Greenwire
October 23, 2003
Charles Donefer


At a hearing on her nomination to the U.S. Circuit Court of Appeals for the District of Columbia yesterday, Senate Judiciary Committee members scrutinized California Supreme Court Justice Janice Rogers Brown's views on a century-old Supreme Court ruling as it pertains to the government's rights to regulate property and contracts.

Environmental groups say that Brown's views in that case, combined with statements she has made in speeches, reveals a hostility to government regulation that could be extended to environmental laws. Brown's defenders say her statements have been taken out of context and that her views are in the mainstream of American judicial opinion.

Brown was introduced to the committee by Sen. John Cornyn (R-Texas), who said in a statement Tuesday that partisan attacks by Democrats on Brown's record "may succeed as fundraising tools and sound bites, but their rhetoric withers in the light of the facts.

"If critics don't like Justice Brown's decisions, they should change the law, rather than attack her for partisan political gain," Cornyn said. "She's just doing her job as a judge, not as a politician."

The D.C. Circuit Court is of special interest to stakeholders in environmental regulation. Congress has given the court exclusive jurisdiction to review challenges to the U.S. EPA's interpretations of the Superfund law and the Resource Conservation and Recovery Act, among others.

Of particular interest to environmentalists are Brown's comments on the takings clause of the Constitution, which they say shows Brown is hostile to most environmental legislation.

Brown has made comments in speeches criticizing Justice Oliver Wendell Holmes' dissent in Lochner v. New York, a 1905 case that struck down a law setting a maximum workweek length for bakery workers. The case, which has been overturned, said the right to enter into contracts is constitutionally protected and cannot be abridged by a law.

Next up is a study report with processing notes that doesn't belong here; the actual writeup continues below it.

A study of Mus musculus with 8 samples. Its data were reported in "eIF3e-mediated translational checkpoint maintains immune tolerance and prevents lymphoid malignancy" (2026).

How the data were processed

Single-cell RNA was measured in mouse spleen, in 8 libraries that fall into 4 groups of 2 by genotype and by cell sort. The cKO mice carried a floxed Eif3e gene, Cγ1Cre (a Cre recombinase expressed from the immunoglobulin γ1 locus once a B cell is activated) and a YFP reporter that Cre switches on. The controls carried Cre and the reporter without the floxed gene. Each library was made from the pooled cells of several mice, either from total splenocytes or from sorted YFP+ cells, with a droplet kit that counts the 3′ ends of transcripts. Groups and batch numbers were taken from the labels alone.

If that viewpoint were applied across the board, environmentalists say it could result in a dismantling of many of the nation's laws aimed at protecting wildlife and natural resources.

"Almost every environmental statute inhibits some type of contract," said Doug Kendall of the Community Rights Council, which along with Earthjustice issued a report critical of Brown's environmental record. "The theory in Lochner would have a profound effect on modern environmental laws."

Environmentalists also point to Brown's record on the California Supreme Court, charging that she is hostile to environmental regulation. In Landgate, Inc. v. California Coastal Commission, a case where a private company sued the California Coastal Commission for losses incurred during the time it took to get a building permit, Brown referred to the government as a "relentless siphon" with a "demand for free public goods [that] is infinite."

At yesterday's hearing, Sen. Richard Durbin (D-Ill.) asked Brown to explain her statements about Lochner. Brown said her criticism of Holmes' dissent was limited to a footnote about the Founding Fathers' economic doctrine and said she opposed the majority decision. "I have, in other opinions, written approvingly of Justice Holmes' attitude of deference to the legislature" in Lochner, Brown told the committee. "[The majority was] justly criticized to the extent that they were using the due process clause to insert their own personal views."

Brown's supporters say environ-mentalists are distorting her views on Lochner.
Judiciary Committee Chairman Orrin Hatch (R-Utah) noted that Brown joined the majority of the California Supreme Court in a ruling that kept a species on the state endangered species list. In explaining her opinion, Brown said, "It was a case that said the Fish and Game Commission had to play by the rules if it wanted to remove a species from the endangered species list."

Three of President Bush's judicial nominees have been filibustered in recent months by congressional Democrats. One nominee, Miguel Estrada, withdrew his nomination last month. A second nominee, Alabama Attorney General Bill Pryor, passed the Judiciary Committee on a 10-9 vote. His nomination awaits debate on the Senate floor. Click here for the Earthjustice/Community Rights Council report.